My two favorite retail grocers now are Trader Joe’s and Aldi. I became familiar with Trader Joes post-college because their 2 buck Chuck wines fit nicely into my budget. I now go there just to get their mochi ice cream. But I’ve only recently come to love Aldi’s with their latest Oktoberfest promo. I am now a cult lover of their savory artichoke and cheese strudel, their schnitzel, and their canned herring.
What I didn’t know is that they’re both owned by the same staunch Catholic and super-reclusive multi-billionaire Albrecht family. They are the result of two brothers, Theodore Paul and Karl Hans Albrecht who founded the German retail giant Aldi after they both returned in 1946 from service in the Wehrmacht during World War II. Karl served on the Russian front, while Theodore served in Rommel’s Afrika Korps. Their mother – Anna Siepmann Albrecht – opened a small corner market in 1913 in Schonnebeck, the workers’ quarter of Essen, the industrial town in Nordrhein-Westphalia they called ‘heim’. Their father Karl Albrecht had developed emphysema working in the coal mines of Essen and his mother became the sole bread winner. Karl Sr. died while his boys were away serving in World War II.
Both brothers, in their twenties, were determined not to go to the mines or factories with their peers. Having grown up modestly, and seeing the scrimping and saving their mother’s customers had to do to get by, they were experts in Germany frugality. So, learning from their mother, they developed a discount grocery concept – Albrecht Diskont – shortened to Aldi in 1962 – and revolutionized German grocery market. Their motto ‘best quality at the lowest price’ is evidenced by modest packaging and storage, small stores and their own store brands. The business grew to make Theodore Sr. alone a fortune of over US$11 billion by his death in 2010. Karl Albrecht’s net worth at his death at 94 in 2014, was over US$24 Billion. The rise of Aldi under these two brothers is one of Germany’s greatest post war economic success stories.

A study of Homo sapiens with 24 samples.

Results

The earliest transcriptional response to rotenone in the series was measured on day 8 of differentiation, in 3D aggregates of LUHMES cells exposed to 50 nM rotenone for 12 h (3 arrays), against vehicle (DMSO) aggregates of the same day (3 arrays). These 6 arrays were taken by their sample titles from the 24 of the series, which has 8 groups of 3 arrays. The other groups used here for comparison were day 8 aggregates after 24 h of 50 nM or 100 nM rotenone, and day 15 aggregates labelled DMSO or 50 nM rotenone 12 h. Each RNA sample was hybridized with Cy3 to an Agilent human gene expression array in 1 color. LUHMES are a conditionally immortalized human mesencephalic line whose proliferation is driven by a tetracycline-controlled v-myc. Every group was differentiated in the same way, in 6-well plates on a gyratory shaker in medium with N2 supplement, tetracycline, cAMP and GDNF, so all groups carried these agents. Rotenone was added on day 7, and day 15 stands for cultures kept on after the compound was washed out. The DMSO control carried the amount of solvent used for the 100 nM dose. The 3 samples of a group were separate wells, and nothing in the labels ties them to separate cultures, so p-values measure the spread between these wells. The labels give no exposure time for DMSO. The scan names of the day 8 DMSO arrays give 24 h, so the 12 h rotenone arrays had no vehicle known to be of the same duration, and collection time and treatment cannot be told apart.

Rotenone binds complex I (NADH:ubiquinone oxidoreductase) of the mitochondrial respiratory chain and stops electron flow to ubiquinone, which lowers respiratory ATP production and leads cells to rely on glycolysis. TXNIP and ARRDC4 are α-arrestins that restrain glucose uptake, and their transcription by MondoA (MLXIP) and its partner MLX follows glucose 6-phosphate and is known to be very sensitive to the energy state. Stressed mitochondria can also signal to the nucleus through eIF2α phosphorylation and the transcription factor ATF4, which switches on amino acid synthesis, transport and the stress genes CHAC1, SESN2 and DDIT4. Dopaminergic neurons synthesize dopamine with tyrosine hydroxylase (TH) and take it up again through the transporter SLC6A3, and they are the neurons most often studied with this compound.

Success didn’t come without contention. In 1960 the brothers divided the business into Aldi Nord – run by Theodore in Essen, and Aldi Sud (South) – run by Karl out of Muehlheim. Their squabble was over carrying cigarettes in their stores. Theodore’s son, Albrecht was credited with the lucrative entry into the U.S. market by acquiring Trader Joes in 1979 and letting them operate independently. They have about 370 Trader Joe’s in the U.S. But here’s where it gets confusing. It’s Aldi Sud, not Aldi Nord, that owns the Aldi chains in the U.S., of which there are about 1200. Aldi Sud, on the other hand, owns Trader Joe’s chains in Germany. It’s confusing, especially to U.S. customers who see same products at both stores, like their flavor blasted Chili Lime Cashews. But in the U.S. Trader Joe’s and Aldi operate separately.
Little is known about the ultra secretive family. They stayed out of the spotlight, were rarely photographed and never made public statements. They live behind fortress-like estates overlooking the Ruhr valley in Westphalia. The brothers were said to own an island in the North Sea, where they played golf on their private golf course called the Oschberghof, and indulged their habits of collecting antique typewriters and growing orchids. The reclusiveness is due to Theodore’s kidnapping for ransom in 1971 for 17 days by lawyer Joachim Ollenburg, to pay off gambling debts. The ransom of 7 million Deutschmarks was paid to the Bishop of Essen and Ollenburg and his accomplice Paul Kron were caught and jailed. But only half of the ransom was recovered. The other half, Theodore claimed as a deductable, not taxable business expense.
Today Aldi operates in 17 countries and has a turnover over 50 billion Euros annually. And I plan on having one flavor of their Deutsche Kuche brand savory strudel on hand at all times.